John Finley Scott, a 72-year-old retired sociology professor at UC Davis, has been missing 99 days. Based on what Yolo County sheriff's investigators found at the missing man's home, friends and family fear what may have happened to him.
After sheriff's investigators turned the house over to Scott's family, his friend Vance Sprock saw the disturbing evidence: blood.
Sprock said he was overwhelmed by grief when he saw the spatters, stricken that his friend may have encountered violence. Sprock has known Scott for 32 years and bought the Cupertino Bike Shop from him.
"It was almost surreal, like a dream," he said. "The reality is yes, it did happen, and it's tragic."
Yolo County Sheriff's Capt. Larry Cecchettini said the case hasn't been classified as a homicide.
"We have no body," said Cecchettini. "But the family is prepared for the worst news.
"Significant physical evidence was found that leads us to believe he sustained injury."
Scott is considered a pioneer in mountain biking, a noted sociologist and a spirited contrarian.
He rode his bicycle from his house on the outskirts of Davis to the university June 1 to attend a party. Friends said he was in high spirits, joking and grinning for photos.
He e-mailed a friend June 3. Since then, no one has seen or heard from him. Friends reported him missing June 11.
Cecchettini said detectives arrested a man who was suspected of stealing a trailer from Scott's property, but the charges were later dropped. The trailer was on Scott's property when sheriff's detectives initially searched there. It was later found empty in a rural field.
The man is currently in custody for a parole violation; Cecchettini declined to name him.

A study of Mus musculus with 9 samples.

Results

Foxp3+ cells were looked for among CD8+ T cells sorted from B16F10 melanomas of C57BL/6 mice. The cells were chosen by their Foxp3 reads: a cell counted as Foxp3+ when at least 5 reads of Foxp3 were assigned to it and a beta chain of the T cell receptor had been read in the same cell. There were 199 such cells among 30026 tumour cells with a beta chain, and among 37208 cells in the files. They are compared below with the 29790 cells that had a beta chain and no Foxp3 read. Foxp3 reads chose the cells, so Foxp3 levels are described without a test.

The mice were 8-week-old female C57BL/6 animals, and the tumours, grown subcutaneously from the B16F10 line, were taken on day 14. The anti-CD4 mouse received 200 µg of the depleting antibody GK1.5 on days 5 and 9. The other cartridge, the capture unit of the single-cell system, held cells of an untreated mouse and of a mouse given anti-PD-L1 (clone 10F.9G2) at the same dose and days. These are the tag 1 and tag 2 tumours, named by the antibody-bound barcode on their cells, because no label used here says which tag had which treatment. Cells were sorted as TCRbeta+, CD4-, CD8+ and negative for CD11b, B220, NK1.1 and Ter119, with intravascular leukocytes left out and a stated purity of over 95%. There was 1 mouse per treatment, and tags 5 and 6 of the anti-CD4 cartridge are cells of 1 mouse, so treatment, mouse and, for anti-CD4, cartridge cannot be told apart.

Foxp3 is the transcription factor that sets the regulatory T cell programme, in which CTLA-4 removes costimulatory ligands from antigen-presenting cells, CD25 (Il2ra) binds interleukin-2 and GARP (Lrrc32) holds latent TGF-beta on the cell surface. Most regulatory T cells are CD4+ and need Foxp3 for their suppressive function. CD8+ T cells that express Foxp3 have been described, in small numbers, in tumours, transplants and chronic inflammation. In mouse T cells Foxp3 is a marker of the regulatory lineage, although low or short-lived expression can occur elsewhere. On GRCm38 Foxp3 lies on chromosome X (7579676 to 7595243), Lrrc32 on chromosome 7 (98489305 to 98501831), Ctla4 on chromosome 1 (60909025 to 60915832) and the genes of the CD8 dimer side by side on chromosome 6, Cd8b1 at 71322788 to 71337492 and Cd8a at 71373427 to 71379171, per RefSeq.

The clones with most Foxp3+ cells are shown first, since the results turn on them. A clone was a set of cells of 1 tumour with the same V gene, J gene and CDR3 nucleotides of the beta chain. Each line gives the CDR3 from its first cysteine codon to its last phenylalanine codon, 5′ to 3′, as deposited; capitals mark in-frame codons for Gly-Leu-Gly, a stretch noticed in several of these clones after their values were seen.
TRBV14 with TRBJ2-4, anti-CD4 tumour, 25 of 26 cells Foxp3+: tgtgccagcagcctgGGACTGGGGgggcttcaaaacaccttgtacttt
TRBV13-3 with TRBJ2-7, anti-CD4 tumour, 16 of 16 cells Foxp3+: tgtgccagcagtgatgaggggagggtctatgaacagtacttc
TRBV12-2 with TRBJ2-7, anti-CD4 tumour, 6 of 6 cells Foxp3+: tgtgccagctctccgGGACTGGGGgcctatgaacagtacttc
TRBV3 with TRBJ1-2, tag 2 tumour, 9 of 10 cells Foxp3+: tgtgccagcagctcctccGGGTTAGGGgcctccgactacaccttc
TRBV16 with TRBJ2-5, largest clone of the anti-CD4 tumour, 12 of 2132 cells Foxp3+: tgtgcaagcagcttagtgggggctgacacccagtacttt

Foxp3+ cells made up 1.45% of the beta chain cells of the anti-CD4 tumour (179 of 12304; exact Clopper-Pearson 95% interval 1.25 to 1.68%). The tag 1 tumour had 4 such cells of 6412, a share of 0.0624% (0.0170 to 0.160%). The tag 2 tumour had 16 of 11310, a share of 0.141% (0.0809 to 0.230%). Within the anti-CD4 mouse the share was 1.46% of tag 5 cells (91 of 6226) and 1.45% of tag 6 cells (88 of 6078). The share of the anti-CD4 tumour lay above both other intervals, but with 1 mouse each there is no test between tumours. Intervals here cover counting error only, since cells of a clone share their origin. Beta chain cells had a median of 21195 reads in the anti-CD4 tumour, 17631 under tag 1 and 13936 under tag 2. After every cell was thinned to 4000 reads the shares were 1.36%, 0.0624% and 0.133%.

"We're not ruling him out, but we don't have anything to charge him on," Cecchettini said.
Detectives have noted activity in one of Scott's bank accounts and are investigating the lead, Cecchettini said.
Scott had no children, but was dedicated to his sister and her two daughters who grew up in Colorado, said niece Cathy Clark of Hawaii.
"I loved him very much," Clark said. "Anything that involved family -- he was there."
Friends say Scott's disappearance deprives them of an intellectual who savors the role of devil's advocate and a cyclist who takes a place in the sport's history.
Scott was among the first people to outfit a road bike with balloon tires and low gears and hurtle down mountains.
"You can call him the inventor of the mountain bike, as far as I know," said Scott's friend John Schubert, a consultant to the cycling industry based in Pennsylvania.
Schubert said Scott effectively lobbied the California Legislature in the mid-1970s to treat the bike like a car rather than a pedestrian in regard to traffic laws.
He loved to take long cycling trips -- but he rejected the notion that bike transit could replace auto traffic.
"He'd walk into a room of true believers and tell them they were smoking something too powerful," Schubert said.
"His willingness to make fun of his sacred cows was his principal mode of eccentricity."
Friend Ben Timmons, a systems analyst who used to work in the UC Davis sociology department, said Scott wrote a well-regarded text in sociology.
The scholar delighted in rough-and-tumble debate, for instance, defending Richard Nixon to a group of liberal Democrats.
"He liked to throw a rock in a bush to see what comes out," said Timmons.
Scott lived in a clutter-strewn ranch house across County Road 98 from the university's Primate Research Center.
A gutted London double-decker bus sits on his driveway, surrounded by three dusty white Suzukis and bike parts.
Timmons visited the home Friday, where he casually kicked a tarp lying at the rear edge of the backyard.
"I hope we find him one way or another," Timmons sighed.